It really takes a lot to care for 20 rabbits!!! for the past few months we have been raising babies to grow our own herd and had few pet quality babies that we found forever homes for. I honestly cannot figure out how anyone can do all that alone.
Luise and I we spend at least 8 hours per day each day caring for them. We hold our babies daily,potty train them daily,groom and feed,take pictures and make videos and put them outside to play. As a mother I have my household responsibilities which include cleaning, cooking, managing bills and I never get a day off.
I don't know how other breeders that do not have the constant help from older children like I do,manage to care for their rabbits and their family alone, without neglecting something.
I'm so thankful for having both of my girls at home helping me and for my husband who supports our family allowing us to enjoy our bunnies daily without having to work outside of our home.
Why buy from a USDA Licensed breeder?
USDA has a department called APHIS ( Animal and Plant Health Inspection Service) which overlooks animal care facilities in the USA.
Some rabbit breeders are exempt from licenses as they are considered "hobby breeders." Such breeders are not required to have a license as they do not have more than $500.00 per year in sales.
Here are some facts you should know if you are considering to adopt from a out of state breeder
1-If a breeder have more then 5 breeding does, she should be licensed. It's the law!
2-Only a licensed breeder can Legally ship a rabbit sight-unseeing in the USA. So if you are buying a bunny from a breeder that lives in a different state and your bunny is being shipped prior to you meeting him face- to face in person, your breeder MUST be licensed, if she is not, she is doing business illegally.
3- If the breeder sales her rabbits and have more than $500.00 in revenue per year from her rabbit sales, she must be licensed.
Why should you care? Quote from https://www.aphis.usda.gov/aphis/ourfocus/animalwelfare
"USDA Animal Care is responsible for upholding and enforcing the Animal Welfare Act and the Horse Protection Act. The Animal Welfare Act and its associated regulations require that federally established standards of care and treatment be provided for certain warm-blooded animals bred for commercial sale, used in research, transported commercially or exhibited to the public.
Q. Does the use of video or other electronic means to view pets for sale constitute a “face-to face” transaction?
A. No. The buyer, seller, and the pet available for sale must all be physically present at the time of purchase or before taking custody of the animal in order to meet the definition of a “face-to-face” transaction and remain exempt from licensing. Photos, webcam images, Skype sessions or other electronic means of communication are not a substitute for the buyer or their designee personally observing the animal.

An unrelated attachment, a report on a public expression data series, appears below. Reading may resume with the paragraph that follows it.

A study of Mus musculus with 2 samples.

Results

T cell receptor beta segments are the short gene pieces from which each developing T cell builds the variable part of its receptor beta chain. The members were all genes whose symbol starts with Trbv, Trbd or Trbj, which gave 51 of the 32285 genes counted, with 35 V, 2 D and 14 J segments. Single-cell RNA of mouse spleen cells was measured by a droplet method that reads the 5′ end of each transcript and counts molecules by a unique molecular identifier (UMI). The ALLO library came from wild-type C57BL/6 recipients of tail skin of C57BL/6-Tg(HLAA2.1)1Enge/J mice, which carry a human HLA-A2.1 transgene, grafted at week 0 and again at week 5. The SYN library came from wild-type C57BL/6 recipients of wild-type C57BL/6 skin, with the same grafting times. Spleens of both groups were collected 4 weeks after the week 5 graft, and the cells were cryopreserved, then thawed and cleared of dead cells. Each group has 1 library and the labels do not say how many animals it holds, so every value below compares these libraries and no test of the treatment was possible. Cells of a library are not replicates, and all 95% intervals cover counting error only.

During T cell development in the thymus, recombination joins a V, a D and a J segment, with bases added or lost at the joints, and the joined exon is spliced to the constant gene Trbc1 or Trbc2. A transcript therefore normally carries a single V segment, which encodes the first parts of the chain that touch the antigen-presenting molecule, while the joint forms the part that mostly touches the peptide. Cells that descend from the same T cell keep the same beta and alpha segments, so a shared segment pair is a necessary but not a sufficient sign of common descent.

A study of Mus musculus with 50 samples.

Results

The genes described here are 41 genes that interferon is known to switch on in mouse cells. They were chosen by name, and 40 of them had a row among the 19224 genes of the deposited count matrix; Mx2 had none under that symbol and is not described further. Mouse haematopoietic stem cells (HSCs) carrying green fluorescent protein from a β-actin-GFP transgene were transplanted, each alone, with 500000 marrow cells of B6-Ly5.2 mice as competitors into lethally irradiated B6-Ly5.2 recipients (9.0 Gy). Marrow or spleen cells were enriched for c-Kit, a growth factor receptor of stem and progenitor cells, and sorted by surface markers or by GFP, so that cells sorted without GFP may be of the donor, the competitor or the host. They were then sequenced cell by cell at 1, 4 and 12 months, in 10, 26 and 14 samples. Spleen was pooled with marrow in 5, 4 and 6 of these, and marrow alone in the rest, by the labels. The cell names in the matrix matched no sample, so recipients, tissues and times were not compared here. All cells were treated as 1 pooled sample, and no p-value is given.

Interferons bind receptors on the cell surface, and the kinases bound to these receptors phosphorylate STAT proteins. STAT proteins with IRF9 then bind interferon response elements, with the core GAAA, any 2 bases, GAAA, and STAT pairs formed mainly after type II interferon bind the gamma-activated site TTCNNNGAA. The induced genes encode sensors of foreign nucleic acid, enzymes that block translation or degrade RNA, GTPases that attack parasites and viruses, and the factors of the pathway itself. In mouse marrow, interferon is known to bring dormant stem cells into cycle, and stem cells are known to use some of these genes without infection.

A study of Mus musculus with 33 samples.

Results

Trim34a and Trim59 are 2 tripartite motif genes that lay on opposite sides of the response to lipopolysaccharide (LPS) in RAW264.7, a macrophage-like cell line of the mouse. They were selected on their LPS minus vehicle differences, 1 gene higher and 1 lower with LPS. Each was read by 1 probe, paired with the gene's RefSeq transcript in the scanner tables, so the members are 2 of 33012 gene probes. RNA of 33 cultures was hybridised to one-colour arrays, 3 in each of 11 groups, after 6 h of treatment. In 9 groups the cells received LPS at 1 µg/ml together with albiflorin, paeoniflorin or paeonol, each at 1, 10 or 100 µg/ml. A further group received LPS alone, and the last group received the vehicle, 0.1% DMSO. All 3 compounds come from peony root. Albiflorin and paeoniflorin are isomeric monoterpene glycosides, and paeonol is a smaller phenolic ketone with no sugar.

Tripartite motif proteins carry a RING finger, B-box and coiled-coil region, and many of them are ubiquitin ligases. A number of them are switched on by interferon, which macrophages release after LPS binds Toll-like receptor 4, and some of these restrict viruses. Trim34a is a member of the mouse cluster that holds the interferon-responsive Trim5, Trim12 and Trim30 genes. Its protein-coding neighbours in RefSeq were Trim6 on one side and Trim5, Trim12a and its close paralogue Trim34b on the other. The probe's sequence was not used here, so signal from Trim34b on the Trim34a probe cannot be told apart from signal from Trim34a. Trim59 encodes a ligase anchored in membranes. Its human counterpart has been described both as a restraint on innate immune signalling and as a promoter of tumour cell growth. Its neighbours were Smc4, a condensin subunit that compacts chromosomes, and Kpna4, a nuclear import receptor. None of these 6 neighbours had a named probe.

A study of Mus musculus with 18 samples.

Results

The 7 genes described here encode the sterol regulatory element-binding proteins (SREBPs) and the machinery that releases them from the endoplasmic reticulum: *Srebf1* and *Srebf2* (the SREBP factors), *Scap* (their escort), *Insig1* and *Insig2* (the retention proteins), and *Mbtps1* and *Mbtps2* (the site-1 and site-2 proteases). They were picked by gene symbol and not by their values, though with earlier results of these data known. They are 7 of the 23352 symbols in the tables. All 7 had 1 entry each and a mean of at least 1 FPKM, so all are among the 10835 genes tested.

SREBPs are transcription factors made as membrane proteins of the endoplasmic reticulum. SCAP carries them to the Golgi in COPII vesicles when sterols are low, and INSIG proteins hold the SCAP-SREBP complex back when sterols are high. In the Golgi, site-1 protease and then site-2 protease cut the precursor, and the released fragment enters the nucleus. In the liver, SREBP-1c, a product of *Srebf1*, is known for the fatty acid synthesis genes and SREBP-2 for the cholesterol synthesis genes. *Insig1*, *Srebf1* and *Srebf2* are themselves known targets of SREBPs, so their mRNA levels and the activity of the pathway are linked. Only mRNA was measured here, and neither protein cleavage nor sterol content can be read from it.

Q. Does this rule mean that no rabbits, guinea pigs, (domestic pocket pets) etc… can be sold over the internet?
A. No. Breeders of rabbits or small pocket pets who have less than $500.00 in sales per year are not required to be licensed with the USDA and may sell their animals sight unseen. These same breeders who have more than $500.00 in sales per year and choose to sell their animals sight unseen, may continue to do so as long as they obtain a USDA license.
"End of Quote
In order to protect your family from infectious diseases you must buy only from licensed breeders. In case of a sudden epidemic, USDA can only track and contact people who purchased their pets from licensed breeders.
Rabbits in general are very clean animals, but especially if you are keeping them as pets, you will want to have a grooming routine so they look and feel their best!
Grooming your rabbit often will prevent them from developing matted fur under their feet and groin area. These are very sensitive areas and having matted fur in those areas, can be painful for your bunny.
When a bunny is in pain he can stop eating which in turn will start a GI Stasis case.
Keeping their nails trimmed often can prevent injuries for both you and your bunny. Rabbits with long nails can get their nails caught in fabrics and could result in broken toes. As you know a exotic pet vet visit can be pricey, so prevention is the best way to go.
I also recommend using the grooming time to bond and inspect your bunny entirely.
Grooming doesn't need to last hours, and can be a pleasant experience for both you and your bunny.
Here are some tips on how to start a good grooming routine
1-Be efficient. Make a plan of what you want to accomplish during each session.
2-Find the best time for your bunny. Try not plan grooming during playtime.
3-Have a routine. Rabbits love knowing what is going to happen in advance, so maybe plan your grooming session on the same day every week.
4- Start with a soft and calming cuddle/massage session. I love putting a tiny drop of lavender essential oil in my wrist before grooming. It seems to calm my rabbits.
5- Enjoy your time together!
Welcome to my Blog. I hope to inspire you to develop a wonderful relationship with your rabbits. I will share my thoughts and daily updates here. I hope you enjoy!